Ride smart, ride safe, stay alive

  • Published
  • By Lt. Col. Keith Higley
  • 509th Medical Support Squadron commander
Over the past few years motorcycle fatalities have increased noticeably in the Air Force. Within the past month, we lost one of our Air Force brethren at Minot Air Force Base, N.D., and of course, we experienced a loss here at Whiteman only a year ago.

As commanders we try to learn from every case to help find root causes and prevent future losses. When you look at the statistics, almost all of the fatalities caused by motorcycle accidents were absolutely preventable. Very seldom do we lose someone that was doing everything right. Typically it's a matter of simply riding too fast, not wearing Personal Protective Equipment or, unfortunately, involving alcohol.

As a rider myself, I thought it best to take a few minutes and give you my thoughts on preparing to ride as we head into summer. I like to break down motorcycle safety into three areas: your bike, your brain and your environment. So hang on for this quick ride; maybe I can share something that will keep you alive.

Your bike. Really this area is probably the easiest to control but is frequently overlooked. It's not too complicated; to start, make sure you get a motorcycle that you are capable of riding. Often I see new and inexperienced riders purchase motorcycles they are not ready to handle. Sure we all want the bigger engine and to be quicker off the line...ask yourself, "Am I really ready for that bike?"

Additionally, make sure the bike fits you. I always love pulling up to a stop light and noticing someone trying to hold the bike up on their toes, because they are not tall enough. Next, make sure you inspect your bike thoroughly at least monthly and do a pre-ride inspection before every ride. There are plenty of checklists out there to walk you through the inspection process.

Finally, don't skimp on the maintenance of your motorcycle. Take it to a reputable service location with certified mechanics. They will see things you won't and good maintenance can save your life.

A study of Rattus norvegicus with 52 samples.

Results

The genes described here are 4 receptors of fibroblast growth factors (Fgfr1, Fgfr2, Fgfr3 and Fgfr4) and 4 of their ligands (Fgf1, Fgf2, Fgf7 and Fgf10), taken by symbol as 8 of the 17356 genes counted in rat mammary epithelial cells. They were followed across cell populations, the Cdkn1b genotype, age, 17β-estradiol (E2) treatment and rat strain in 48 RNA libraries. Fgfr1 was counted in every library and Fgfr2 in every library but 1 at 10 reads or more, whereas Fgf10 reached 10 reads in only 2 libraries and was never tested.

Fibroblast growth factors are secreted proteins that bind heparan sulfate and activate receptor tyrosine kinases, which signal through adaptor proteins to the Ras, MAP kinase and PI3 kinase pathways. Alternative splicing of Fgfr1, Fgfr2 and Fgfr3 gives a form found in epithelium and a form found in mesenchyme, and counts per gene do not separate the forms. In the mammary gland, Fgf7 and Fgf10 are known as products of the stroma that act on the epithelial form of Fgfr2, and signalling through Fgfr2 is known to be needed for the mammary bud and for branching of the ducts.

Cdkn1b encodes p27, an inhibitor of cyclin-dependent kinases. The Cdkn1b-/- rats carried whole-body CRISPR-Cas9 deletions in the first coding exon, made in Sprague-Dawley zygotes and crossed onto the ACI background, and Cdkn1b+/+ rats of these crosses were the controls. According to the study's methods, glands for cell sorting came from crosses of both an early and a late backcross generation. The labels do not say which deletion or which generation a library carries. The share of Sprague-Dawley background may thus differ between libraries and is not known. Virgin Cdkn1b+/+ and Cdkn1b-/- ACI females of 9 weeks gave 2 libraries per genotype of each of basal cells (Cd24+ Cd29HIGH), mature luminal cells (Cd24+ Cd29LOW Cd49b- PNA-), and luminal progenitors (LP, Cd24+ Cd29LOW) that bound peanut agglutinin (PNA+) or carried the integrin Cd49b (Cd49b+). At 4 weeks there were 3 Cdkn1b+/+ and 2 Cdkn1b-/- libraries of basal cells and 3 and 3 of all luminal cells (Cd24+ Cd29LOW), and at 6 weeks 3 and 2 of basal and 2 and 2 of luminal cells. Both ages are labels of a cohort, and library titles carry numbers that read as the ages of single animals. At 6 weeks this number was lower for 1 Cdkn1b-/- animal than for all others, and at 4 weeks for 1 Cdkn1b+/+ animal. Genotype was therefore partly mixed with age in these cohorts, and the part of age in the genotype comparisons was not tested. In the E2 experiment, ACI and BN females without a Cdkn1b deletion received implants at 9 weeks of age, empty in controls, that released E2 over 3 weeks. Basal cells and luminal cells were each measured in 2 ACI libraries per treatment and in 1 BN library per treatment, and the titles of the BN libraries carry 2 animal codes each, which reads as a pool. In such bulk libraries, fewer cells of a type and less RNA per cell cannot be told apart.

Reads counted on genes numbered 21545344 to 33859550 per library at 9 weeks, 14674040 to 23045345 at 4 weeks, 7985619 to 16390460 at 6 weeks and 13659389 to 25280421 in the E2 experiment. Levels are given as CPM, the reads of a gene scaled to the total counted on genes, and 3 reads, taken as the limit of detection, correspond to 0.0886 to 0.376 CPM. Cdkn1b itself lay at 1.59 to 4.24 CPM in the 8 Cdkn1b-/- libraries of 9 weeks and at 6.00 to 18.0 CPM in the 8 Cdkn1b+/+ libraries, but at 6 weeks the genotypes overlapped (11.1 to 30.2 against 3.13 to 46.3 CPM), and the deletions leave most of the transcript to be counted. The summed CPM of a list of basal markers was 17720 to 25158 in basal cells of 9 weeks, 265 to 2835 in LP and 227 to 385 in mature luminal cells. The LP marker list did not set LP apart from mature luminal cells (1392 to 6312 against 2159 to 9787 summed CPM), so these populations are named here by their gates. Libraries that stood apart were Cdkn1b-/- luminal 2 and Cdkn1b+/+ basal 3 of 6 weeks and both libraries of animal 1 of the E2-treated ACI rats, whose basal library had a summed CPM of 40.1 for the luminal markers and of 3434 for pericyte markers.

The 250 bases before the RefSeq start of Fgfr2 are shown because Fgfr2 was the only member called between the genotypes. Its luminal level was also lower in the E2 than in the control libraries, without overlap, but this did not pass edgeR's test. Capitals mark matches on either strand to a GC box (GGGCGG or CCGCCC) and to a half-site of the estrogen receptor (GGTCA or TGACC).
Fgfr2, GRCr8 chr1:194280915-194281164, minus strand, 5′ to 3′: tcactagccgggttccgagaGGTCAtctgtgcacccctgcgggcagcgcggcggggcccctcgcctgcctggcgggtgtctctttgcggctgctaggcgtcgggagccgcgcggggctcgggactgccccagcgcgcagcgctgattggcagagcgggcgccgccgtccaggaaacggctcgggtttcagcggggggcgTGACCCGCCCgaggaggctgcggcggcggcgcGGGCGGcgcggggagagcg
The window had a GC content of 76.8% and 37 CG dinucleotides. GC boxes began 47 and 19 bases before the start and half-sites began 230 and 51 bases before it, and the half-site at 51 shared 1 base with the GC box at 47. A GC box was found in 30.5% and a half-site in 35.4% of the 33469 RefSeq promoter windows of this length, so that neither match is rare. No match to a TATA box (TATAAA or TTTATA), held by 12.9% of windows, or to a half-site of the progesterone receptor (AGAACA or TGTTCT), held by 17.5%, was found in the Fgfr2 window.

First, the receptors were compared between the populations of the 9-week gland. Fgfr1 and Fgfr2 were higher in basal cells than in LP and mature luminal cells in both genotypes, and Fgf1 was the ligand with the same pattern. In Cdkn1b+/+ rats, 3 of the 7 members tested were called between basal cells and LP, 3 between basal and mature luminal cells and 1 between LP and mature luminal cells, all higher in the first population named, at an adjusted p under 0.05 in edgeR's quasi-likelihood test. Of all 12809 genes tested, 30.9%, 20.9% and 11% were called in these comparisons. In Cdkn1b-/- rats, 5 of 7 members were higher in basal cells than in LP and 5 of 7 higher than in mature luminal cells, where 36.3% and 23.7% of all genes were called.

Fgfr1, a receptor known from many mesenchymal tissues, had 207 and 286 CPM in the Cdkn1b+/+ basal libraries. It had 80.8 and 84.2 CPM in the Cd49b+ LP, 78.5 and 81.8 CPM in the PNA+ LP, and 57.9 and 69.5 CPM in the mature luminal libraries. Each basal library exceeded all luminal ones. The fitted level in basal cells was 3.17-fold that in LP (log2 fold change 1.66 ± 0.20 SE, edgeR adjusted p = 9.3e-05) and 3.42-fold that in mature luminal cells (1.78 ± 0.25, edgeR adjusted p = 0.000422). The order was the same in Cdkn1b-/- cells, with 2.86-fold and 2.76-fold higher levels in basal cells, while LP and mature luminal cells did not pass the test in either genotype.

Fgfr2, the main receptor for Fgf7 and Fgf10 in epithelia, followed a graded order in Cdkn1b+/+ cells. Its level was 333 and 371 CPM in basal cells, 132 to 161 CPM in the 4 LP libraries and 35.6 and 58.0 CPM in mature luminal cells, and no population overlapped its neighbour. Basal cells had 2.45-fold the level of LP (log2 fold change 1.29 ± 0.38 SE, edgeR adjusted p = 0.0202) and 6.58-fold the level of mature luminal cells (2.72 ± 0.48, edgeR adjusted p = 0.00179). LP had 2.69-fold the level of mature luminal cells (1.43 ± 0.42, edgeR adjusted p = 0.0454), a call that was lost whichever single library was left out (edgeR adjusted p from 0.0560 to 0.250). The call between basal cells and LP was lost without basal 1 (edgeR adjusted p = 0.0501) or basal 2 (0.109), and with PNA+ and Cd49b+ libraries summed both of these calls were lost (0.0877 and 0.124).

Your brain. One of the things I hear is, 'I've had a bad day, I need to go for a ride and get my head right,'....Stop! You absolutely need to have your head "right" before you get on your motorcycle. You need to be alert, well rested and able to concentrate on what you're doing. Often, it only takes a split second reaction to prevent an accident; you need your head in the game to give you that extra edge.

I also love seeing the 'joker' on a sport bike going 85 mph wearing shorts and no helmet. Think about the PPE you're wearing; a helmet, jacket, gloves and long pants give you much needed protection. As for your helmet, it can save your life, no question, wear it!

Your environment. This is probably the part of your ride that has the most variables and potential for negative outcomes. The first thing you can do to minimize the risk is to plan your ride.

Understand where you are going and potential dangerous circumstances; bad roads, curves, weather, intersections, etc. You also want to understand that there are horrible drivers out there that are trying to ruin your day. Never assume anything. Just because you think they're stopping doesn't mean they are. Just because they should see you doesn't mean they do.

Always be ready to take immediate actions to protect yourself and make yourself seen. You can also minimize environmental risks by using mentors. Ride with someone that is already familiar with the route. If you're a new rider don't be afraid to ask a mentor to ride with you. Finally, alcohol and motorcycles don't mix...period!

You are important in many ways. Of course your family and friends want you around. Let me also say, the Air Force needs you. Everyone is vital to mission accomplishment and makes a difference every day. Absolutely enjoy the ride, do it safely and remember almost all motorcycle fatalities are preventable. See you after the ride.